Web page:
What is a credit card chip?
A big change happened to credit cards back in October 2015. U.S. consumers joined their Canadian and European counterparts in switching from “swipe-and-sign” cards to “chip-and-signature” cards equipped with EMV chips.
This change included the EMV liability shift. This transferred the liability for counterfeit fraudulent transactions from the issuer to the merchant if the card has an EMV chip and the merchant doesn’t support EMV chip transactions. Since then, merchants have had a real incentive to support EMV chip technology.
These cards can be identified by the small silver- or gold-colored EMV chip embedded on the card’s face (you’ll usually find it on the left, just above the numbers).
Chances are, you won’t need to look hard to find one — and you probably already have one in your wallet.
- What does EMV mean?
- Why does having a credit card chip matter to you?
- Chip-and-signature vs. chip-and-PIN: What’s the difference?
- EMV chip security explained
- Other ways to protect yourself from credit card fraud
What does EMV mean?
EMV is an acronym for Europay, Mastercard and Visa. The EMV chip is the global standard used for credit card chips worldwide, and more than 90 percent of card-present transactions in Europe, Canada, Latin America, Africa and the Middle East are now EMV.
Why does having a credit card chip matter to you?
In a practical sense, having an EMV chip on your credit card changes how you make purchases. As you’ve probably already experienced, merchants now generally ask that you insert your card into a chip reader rather than swipe the magnetic strip on the back of the card.
But the EMV chip means a lot more than a different way of paying. The chip’s processing method makes your transactions more secure and may help to reduce credit card fraud. More on that later, but let’s first talk about the different types of chip cards you might encounter.
Chip-and-signature vs. chip-and-PIN: What’s the difference?
Chip cards currently come in two different forms in the U.S. Most cards are considered chip-and-signature cards. After you insert your card in a chip reader, you may be asked to sign for your purchase.
The other type of chip card is a chip-and-PIN card. These cards ask you to enter a PIN (personal identification number) to complete your purchase. When PIN entry is not supported by a merchant, you may be asked to sign for the purchase.
In the past, it was very important to have a chip-and-PIN card when traveling in Europe and other overseas locations. This is because you needed a PIN to complete transactions at unmanned kiosks, such as those at train stations. However, this is not as a widespread a problem as it used to be, since many kiosks will now let you bypass the PIN prompt.
Without a chip-and-PIN card, there still may be some instances where you have to use local currency or find a cashier to complete your transaction. If you’re a frequent traveler, you might need a chip-and-PIN card at some point.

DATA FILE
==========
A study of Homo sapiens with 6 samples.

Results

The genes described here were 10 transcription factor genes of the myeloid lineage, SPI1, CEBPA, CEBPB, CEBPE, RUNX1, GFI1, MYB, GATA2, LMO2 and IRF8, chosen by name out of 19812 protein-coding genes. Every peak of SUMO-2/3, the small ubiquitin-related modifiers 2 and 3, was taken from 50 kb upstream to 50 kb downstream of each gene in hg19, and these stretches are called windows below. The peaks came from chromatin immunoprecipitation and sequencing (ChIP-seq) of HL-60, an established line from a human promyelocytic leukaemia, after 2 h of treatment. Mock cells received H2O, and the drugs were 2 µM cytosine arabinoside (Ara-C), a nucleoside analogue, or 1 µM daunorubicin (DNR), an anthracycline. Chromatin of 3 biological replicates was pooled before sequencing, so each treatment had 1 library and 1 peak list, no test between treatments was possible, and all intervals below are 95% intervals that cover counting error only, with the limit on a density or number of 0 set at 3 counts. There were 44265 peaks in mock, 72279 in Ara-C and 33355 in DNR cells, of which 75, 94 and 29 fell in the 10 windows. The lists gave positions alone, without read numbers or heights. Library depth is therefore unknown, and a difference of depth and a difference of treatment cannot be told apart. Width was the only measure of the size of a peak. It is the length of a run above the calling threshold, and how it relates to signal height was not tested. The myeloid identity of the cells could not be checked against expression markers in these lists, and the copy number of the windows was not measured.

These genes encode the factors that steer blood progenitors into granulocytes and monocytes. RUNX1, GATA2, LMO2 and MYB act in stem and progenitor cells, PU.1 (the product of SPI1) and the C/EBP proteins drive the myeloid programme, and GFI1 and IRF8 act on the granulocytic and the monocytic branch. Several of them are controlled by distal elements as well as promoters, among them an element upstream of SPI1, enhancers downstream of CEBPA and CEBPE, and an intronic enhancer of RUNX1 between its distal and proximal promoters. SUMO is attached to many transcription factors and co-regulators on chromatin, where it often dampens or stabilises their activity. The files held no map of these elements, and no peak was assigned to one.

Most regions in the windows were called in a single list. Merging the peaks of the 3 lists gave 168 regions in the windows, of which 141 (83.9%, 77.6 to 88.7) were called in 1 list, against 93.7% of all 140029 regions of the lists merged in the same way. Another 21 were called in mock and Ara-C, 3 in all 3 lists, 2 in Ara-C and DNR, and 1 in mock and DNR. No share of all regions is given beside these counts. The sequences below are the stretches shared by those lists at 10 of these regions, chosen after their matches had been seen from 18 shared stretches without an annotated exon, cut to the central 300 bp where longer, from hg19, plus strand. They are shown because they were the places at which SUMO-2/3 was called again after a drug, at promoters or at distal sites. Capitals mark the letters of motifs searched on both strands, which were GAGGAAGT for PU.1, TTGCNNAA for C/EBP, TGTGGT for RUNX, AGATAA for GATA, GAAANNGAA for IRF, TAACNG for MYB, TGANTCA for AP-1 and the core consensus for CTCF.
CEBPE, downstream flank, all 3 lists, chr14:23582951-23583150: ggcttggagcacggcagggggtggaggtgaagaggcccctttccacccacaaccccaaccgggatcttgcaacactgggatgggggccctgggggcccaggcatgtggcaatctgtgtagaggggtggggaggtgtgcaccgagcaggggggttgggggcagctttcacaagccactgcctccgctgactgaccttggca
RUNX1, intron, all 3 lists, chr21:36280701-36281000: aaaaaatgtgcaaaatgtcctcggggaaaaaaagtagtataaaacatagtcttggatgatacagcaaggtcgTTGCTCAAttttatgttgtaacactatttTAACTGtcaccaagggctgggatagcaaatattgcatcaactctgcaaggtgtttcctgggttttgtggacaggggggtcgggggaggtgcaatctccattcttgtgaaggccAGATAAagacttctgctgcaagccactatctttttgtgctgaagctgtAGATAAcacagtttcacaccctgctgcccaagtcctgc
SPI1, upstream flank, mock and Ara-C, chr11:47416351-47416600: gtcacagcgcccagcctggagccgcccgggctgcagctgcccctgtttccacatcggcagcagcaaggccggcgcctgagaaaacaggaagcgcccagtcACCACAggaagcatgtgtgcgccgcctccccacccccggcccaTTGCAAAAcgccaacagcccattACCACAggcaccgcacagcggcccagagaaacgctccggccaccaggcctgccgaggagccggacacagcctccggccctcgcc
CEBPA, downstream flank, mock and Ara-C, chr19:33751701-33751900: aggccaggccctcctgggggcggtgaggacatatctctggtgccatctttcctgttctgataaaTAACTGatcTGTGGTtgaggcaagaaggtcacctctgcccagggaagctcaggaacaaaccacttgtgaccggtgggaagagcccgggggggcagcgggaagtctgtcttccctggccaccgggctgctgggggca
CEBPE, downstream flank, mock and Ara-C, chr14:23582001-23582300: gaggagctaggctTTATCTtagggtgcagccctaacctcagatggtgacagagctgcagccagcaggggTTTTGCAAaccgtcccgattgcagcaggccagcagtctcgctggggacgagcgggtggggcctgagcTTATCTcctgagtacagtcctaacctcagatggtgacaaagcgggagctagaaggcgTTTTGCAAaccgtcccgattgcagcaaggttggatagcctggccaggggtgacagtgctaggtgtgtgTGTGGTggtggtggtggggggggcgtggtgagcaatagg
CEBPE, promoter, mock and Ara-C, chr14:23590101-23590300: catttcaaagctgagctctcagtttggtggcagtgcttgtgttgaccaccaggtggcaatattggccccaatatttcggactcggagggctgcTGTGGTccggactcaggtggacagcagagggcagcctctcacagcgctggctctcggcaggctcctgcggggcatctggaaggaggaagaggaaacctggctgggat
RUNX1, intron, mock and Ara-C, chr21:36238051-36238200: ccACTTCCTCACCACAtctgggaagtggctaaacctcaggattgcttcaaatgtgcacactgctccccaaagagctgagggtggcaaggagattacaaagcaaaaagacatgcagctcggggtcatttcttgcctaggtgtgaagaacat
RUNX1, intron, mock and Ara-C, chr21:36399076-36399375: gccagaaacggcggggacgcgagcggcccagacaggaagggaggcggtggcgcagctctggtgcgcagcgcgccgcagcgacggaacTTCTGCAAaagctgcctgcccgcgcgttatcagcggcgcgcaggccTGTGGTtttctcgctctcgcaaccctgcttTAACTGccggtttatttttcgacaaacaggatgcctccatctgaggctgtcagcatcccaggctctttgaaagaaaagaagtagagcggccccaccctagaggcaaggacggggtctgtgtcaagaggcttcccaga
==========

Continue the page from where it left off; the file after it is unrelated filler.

Are chip-and-signature cards as safe as chip-and-PIN cards?
Chip-and-signature cards are considered less secure because they rely on merchants to verify that your signature matches the one on the back of your card. Chip-and-PIN cards are harder to use fraudulently, since criminals must know your PIN to complete a transaction. However, even without requiring a PIN, chip-based cards are said to be more secure than credit cards without a chip.
EMV chip security explained
As Chris Allen, founder of the business-focused technology company FirmTree, explains, magnetic swipe cards pose a considerable security risk. “(Merchants) simply need the card number and expiration date for the transaction to be completed,” he notes.
Because the same limited set of numbers is used to authenticate every transaction, it’s easier for thieves to steal those numbers and make counterfeit cards with that stolen data.
On the other hand, “EMV chip cards provide more security than the mag[netic] stripe and signature cards due to the unique code that’s created for each and every credit card transaction.” This randomized one-time code is encrypted and extremely difficult for criminals to duplicate without expensive equipment.
So far, the change appears to be working. According to Visa, the total number of dollars stolen through fraud was down 58 percent in December 2016 compared to the previous year. This improvement was for merchants who upgraded to EMV chip technology.
Other ways to protect yourself from credit card fraud
Protecting yourself from credit card fraud requires vigilance. “Consumers should keep an eye on their credit card statements and credit reports,” Allen says.
Immediately report any purchases you don’t recognize and follow up to make sure you aren’t on the hook for any fraudulent transactions.
You’ll want to make sure you protect your credit card number, too. Scammers often try to fool unsuspecting consumers by creating official-looking emails that ask for credit card details, so always double-check the source before clicking on a link or replying to an email with sensitive personal information.
Credit card security continues to improve, and EMV chips account for a significant part of that improvement. Still, it’s important to note that you’re never completely safe from risk. While in-person transactions with a chip card are generally safer, criminals may turn to more vulnerable card-not-present transactions, such as internet or telephone purchases, to continue to scam consumers.
In the unlucky case that you’re the victim of fraud, your liability for credit card fraud is limited to $50 under the Fair Credit Billing Act. That’s good news, but the feeling that comes with someone violating your credit and personal information may be harder to get over than a $50 loss.
The moral of the story? Keep an eye out for fraud when reviewing your credit card statements, and report anything that looks a little fishy.